Global world trade is set to grow 86% in the next 15 years, with international trade expected to accelerate from 2014 onwards, says a new bank report.

HSBC’s global trade forecast for 2012 suggests grounds for optimism for international businesses. Despite the current climate, the overall trend for international trade is positive and indicates an upturn in GDP forecasts from 2014.

Over the next five years, world trade is expected to grow at an annualised rate of 3.78%, due mainly to the earlier recovery of the overall global economy. In the period from 2017 to 2021, the forecast predicts an even more rapid annualised growth of 6.23%, as world demand for traded goods recovers its dynamism.

Countries which will see increases in their share of world trade up to 2026 include South Korea, which will replace the UK as the sixth largest trading nation due to trade expansion, particularly in infrastructure imports into the Middle East and North Africa region.

China will overtake the US as the world’s largest trading nation by 2016. China alone will account for 12.3% of world trade, HSBC predicts.

Although China’s imports and exports are not set to grow as fast as India’s, the sheer size of the trade base from which this growth is happening means that China will become the world’s trade powerhouse.

Singapore will account for 2.4% of world trade by 2026, reinforcing its role as a major shipping hub connecting the emerging economies. India will grow by 0.5% to account for 2.25% of world trade by 2026.

Overall however there are declines in the share of world trade for many of the developed world nations. Although it does not suggest a decline in the trade competitiveness of these economies, the forecast does point to a substantial shift of the global supply chain to emerging markets.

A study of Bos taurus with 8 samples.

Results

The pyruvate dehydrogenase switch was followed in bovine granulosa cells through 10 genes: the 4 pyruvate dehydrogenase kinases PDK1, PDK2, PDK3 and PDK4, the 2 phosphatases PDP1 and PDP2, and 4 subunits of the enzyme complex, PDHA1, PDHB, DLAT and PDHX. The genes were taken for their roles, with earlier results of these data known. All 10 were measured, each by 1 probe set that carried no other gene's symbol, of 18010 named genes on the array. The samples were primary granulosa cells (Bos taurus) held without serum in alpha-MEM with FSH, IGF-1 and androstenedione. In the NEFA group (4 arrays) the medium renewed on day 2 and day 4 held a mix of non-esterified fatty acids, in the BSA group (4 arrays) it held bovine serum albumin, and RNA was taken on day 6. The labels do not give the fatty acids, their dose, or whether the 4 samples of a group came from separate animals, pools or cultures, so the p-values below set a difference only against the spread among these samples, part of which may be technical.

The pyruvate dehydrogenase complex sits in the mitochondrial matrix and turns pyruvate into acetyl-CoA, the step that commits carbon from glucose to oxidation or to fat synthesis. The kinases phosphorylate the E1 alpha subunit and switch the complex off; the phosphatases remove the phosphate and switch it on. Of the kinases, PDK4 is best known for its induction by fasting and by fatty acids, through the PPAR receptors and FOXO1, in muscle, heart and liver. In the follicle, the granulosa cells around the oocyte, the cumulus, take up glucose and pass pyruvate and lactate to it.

The forecast also expects to see trade expansion in the sectors that support the process of trading and drive economic growth. World infrastructure trade will increase by 110% and oil and gas by 103% by 2026.

This will be supported by growth in sectors such as rolled iron and steel bars where annualised increases in trade of 7.4% are forecast over the next five years.

HSBC predicts that companies across the world are expected to increase trade activity by 4.7%. With demand flat in many domestic markets, such as Europe and North America, businesses will seek out the best trade partners to drive competitive advantage, regardless of location.

Meanwhile, focusing on key sectors, the report suggests that the fastest emerging trade sector will be electrical energy, which is expected to grow annually at 9.14% over the next five years. This sector encompasses all energy generated from non-fossil fuel sources, representing a clear shift in the balance of world trade towards newer energy sources such as nuclear, wind and solar.

The world’s largest traded sectors including oil and gas, automobiles, plastics and petrochemicals, telephony equipment and iron and steel, are all set to grow over the next five years.

The demand for commodities and infrastructure will be fuelled by economic development while the demand for cars appears resilient, although this may change due to the market’s dependence on consumer demand, HSBC reports.